Good morning, everyone.
Before we begin the lesson, let me tell you about what I call the First Law of Economics.
This is it:
If you want someone to give you something, you have to give them something in return of a perceived equal value.
This Law applies to individuals, to businesses, and to entire countries.
So, if you go to the shop and you want to buy a T-shirt, they will give you a T-shirt, but they expect you to give them something in return: in this case, money. We can call the First Law of Economics the Law of Mutually Beneficial Exchange.
When, in the future, you get a job, what’s really happening is that you are going to give your time and your skills to the person you are working for and that person, in return, will pay you. Many of you will work for a boss, and so the exchange of skills (and time) for payment will be made through the business you work for. Some of you may start a business though, in which case you might be dealing directly with customers. When, for example, your tap is broken, you might call a plumber and the plumber comes and fixes it. In exchange for the plumber’s time and skill, you give the plumber money.
Basically business and individuals provide what are called “goods” (physical things like a chair or a light globe) and “services”. A service is something like the work that an accountant does when he or she prepares your tax return for you. Mechanics offer goods (like motor oil or spark plugs for your engine) and services (the actual work they do to fix or service your car). These goods and services are often referred to as “parts and labour”.
So, if in the future you want to work, it’s not really a matter of just saying you want to find a job (although there’s nothing wrong with that expression). It’s really a matter of mutually beneficial exchange. You will provide your skills or products or time or services to someone else and that someone else will give you payment in return.
Now, a lot of you may never have thought about it this way. Up until now, nearly everything you have has been provided for you. Your parents provide food and clothing and stuff and they don’t really ask for much in return. Love of course complicates things. (As a parent myself, the “payment” I receive from my own kids is the gratitude they express to me and, let’s face it, when they do well, I feel good! As I said, love complicates things.) In the real world of work, however, no-one is just going to give you stuff that you want if you don’t provide something in return that they want.
So, why are you at school? It’s because you need to learn the skills that you need to offer future bosses and future customers—for which you will receive your income.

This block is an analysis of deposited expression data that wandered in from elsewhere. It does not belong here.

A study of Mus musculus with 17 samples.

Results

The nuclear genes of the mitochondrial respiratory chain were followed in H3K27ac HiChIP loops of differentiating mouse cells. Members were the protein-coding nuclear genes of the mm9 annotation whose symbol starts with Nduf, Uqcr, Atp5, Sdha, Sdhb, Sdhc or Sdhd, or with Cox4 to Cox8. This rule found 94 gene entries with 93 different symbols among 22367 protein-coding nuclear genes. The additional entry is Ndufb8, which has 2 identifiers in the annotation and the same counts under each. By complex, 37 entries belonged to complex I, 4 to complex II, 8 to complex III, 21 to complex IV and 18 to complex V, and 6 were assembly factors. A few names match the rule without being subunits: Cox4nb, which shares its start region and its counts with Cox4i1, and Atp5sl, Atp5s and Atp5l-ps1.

If any of you have little brothers and sisters in primary school, you will know that there is no way they would be able to do most jobs. Most of them would struggle even to make, say, a coffee at a local café, or to stack shelves at the supermarket, both jobs that don’t require a huge amount of training and which don’t pay that well. However, most of you in this class could easily do these jobs because you’re a whole lot smarter than you were in primary school, and you’re bigger and stronger.
But this leads us to an important point. If the only skills you have are also possessed by millions of other people, then why would someone pay you top dollar when it’s easy for a business to find someone else to do the same work for a lower wage. We now get into the Second Law of Economics: Supply and Demand. Put simply, if it’s easy to find someone to do a particular job because it’s a low-skill job, then the payment will be low as well.
The people who are paid the most are the people who provide skills or services or products that few other people can provide. Lots of people can stack shelves at a supermarket, and though it’s a really important job and an honourable job, it’s a low-paying job.
So what skills do you have to offer now and what skills will you have to offer in the future? I want to encourage you all to work hard, to learn as much as you can at school, and to become as good as you can at reading, writing, and mathematics. In the world of work, no-one really owes you anything. To earn an income in the future, you will have to offer something in return. So make sure you gain the skills you need! And of course you’re all going to need the skills that I’ll be teaching you!!
Anyway, let’s begin the lesson.
Note to Teachers:
I often refer back to the First Law of Economics because of its pervasiveness. It doesn’t just apply to individuals but also to whole countries. For example, Shedding Light on Atoms Episode 3: The Discovery of Atoms describes how elements are extracted from mineral ores (for example, iron from iron ore which contains a high concentration of iron oxide). I often pause the video and talk about how Australia receives income from other countries by selling the iron ore and the steel that we produce to other countries.
I might say something like…
A large part of Australia’s wealth is generated from the fact that Australia as a country has things (in this case iron ore) that other countries want and which they are prepared to pay for. The international monetary system is pretty complicated but, at a really simple level, Australia gives iron ore to China and China gives Australia things that it produces (such as electronic equipment). It’s the First Law of Economics at work.
A country can only import things if it exports things as well.
And an individual person can only acquire something if that individual gives something in return. It’s the First Law of Economics: if you want someone to give you something, you have to give them something in return. And what do you have to give? Maybe not much at this stage because you’re young. But you’ll grow and continue to learn and by the time you finish your education you’ll have much much more to give than you do now!